Directors: Terry Stone and Richard Turner
The most enduring of all UK Garage tracks must be Sweet Female Attitude’s Flowers, surely etched in the head of anyone who partied at the start of this millennium. Also holding a special space in Garage’s history is Craig David’s breakthrough song with Artful Dodger, Re-Rewind (The Crowd Say Bo Selecta), but don’t come to 25 Years of UK Garage seeking to hear either of these songs or, indeed, any other Old Skool classic as this documentary features hardly any music at all and instead is talking head after talking head after talking head.
Terry Stone and Richard Turner have definitely collected a wide range of people, admittedly mainly men, to talk about the scene and lifestyle of those involved in the subculture. But as Stone is the founder of the legendary Garage Nation events it’s no surprise that he’s gathered such an impressive array of people involved in the production of Garage music. And it’s no surprise either that the film starts off by talking about the influence of Garage Nation, which took place in various English clubs in the late 1990s.
But UK Garage’s history is perhaps a little longer than that of Garage Nation. In the early 90s, a few years after Rave’s zenith, the dance scene had become too commercial. Once illegal, rebellious and underground, Rave was now mainstream, and the opening of London’s first superclub, The Ministry of Sound, in 1991 underlined that Rave’s recalcitrant edges had been made safe. Many young people ditched ecstasy for the beer-buzz of Britpop while others started to create a new kind of dance music, influenced by Rave, but British-made: Garage.
At early morning parties, after the Ministry of Sound had closed for the night, DJs started speeding up American house tracks in an attempt to keep the punters awake. The punters liked it and UK Garage was born. Strangely 25 Years of UK Garage doesn’t really talk about how the music sounds or how the music is made. It seems as if this film’s intended audience is those who already know the music.
But what the film does do well is explain the culture that grew up around the beats. If Rave was about dressing down then Garage was about dressing up. Baggy T-shirts and trainers – Rave’s uniform – were swapped for Versace and Moschino shirts and Patrick Cox loafers. Designer gear may not be the most comfortable clothes to dance in but they looked the business. The male talking heads fondly remember these labels, but we get little insight into what the women wore.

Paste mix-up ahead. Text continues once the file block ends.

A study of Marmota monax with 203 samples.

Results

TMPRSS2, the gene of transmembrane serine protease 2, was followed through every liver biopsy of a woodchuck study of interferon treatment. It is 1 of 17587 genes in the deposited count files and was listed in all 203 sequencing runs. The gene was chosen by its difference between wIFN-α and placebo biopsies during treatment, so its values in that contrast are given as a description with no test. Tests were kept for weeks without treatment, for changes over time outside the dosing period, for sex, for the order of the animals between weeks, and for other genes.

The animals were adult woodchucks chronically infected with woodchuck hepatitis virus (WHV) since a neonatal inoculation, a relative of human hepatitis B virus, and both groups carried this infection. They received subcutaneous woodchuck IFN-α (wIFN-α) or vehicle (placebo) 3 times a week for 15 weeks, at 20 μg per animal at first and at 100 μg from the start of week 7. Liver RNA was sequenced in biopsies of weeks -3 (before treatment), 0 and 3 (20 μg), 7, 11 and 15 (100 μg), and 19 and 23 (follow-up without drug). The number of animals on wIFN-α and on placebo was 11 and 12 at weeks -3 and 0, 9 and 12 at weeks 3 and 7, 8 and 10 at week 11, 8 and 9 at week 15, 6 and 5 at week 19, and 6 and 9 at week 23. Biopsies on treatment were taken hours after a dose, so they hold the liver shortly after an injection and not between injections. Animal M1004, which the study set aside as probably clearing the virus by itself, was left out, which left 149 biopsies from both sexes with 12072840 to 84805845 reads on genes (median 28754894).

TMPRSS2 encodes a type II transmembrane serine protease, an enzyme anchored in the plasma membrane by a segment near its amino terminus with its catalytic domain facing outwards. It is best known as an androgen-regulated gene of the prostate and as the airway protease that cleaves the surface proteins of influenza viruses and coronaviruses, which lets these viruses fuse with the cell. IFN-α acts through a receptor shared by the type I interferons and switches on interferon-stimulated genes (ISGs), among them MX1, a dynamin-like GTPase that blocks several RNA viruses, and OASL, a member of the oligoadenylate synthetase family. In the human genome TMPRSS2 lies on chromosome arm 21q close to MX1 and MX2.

Reflecting the buoyant economy of the late 90s under Tony Blair’s New Labour, the Garage clubs were arenas for conspicuous consumption. To go with the clothes, the drink of choice was champagne – some revellers would drink nothing else – finished off with lines of cocaine. UK Garage was about looking good, and the gurning faces brought about from taking E just didn’t fit in with the new smart scene.
For a film that celebrates the heyday of Garage, Stone and co-director Richard Turner are not afraid to explore the darker side of the subculture as well, especially when the Cypriot resort Ayia Napa became Garage’s second home. At first it was paradise, but then fights would break out between the crowds and the police, the crowds and club security and then between the rival crews that supported the performers, DJs and MCs. Shootings became more common in England, too, and every talking head has a story to tell about hearing gunshots in a nightclub.
It’s a shame that Stone and Turner haven’t found more women to interview apart from So Solid Crew’s Lisa Maffia and, very occasionally, Ms. Dynamite, as it makes the scene seem very male and resolutely heterosexual. The male interviewees often talk about ‘the girls’ that went to the clubs and the ‘girls’ they took home to their Ayia Napa villas. As ever with subcultural histories, women’s roles are side-lined.
Regardless of its flaws, 25 Years of UK Garage is still a valuable testimony to a youth movement that is often overshadowed by Rave, which preceded it, and by Grime, which followed it, and the middle section of the film is a thrilling story of fun, energy and excess. In the present day, UK Garage is almost part of a heritage industry, full of nostalgia, but it’s a world that is worth remembering.
25 Years Of UK Garage will be available on Digital Download from 5th December.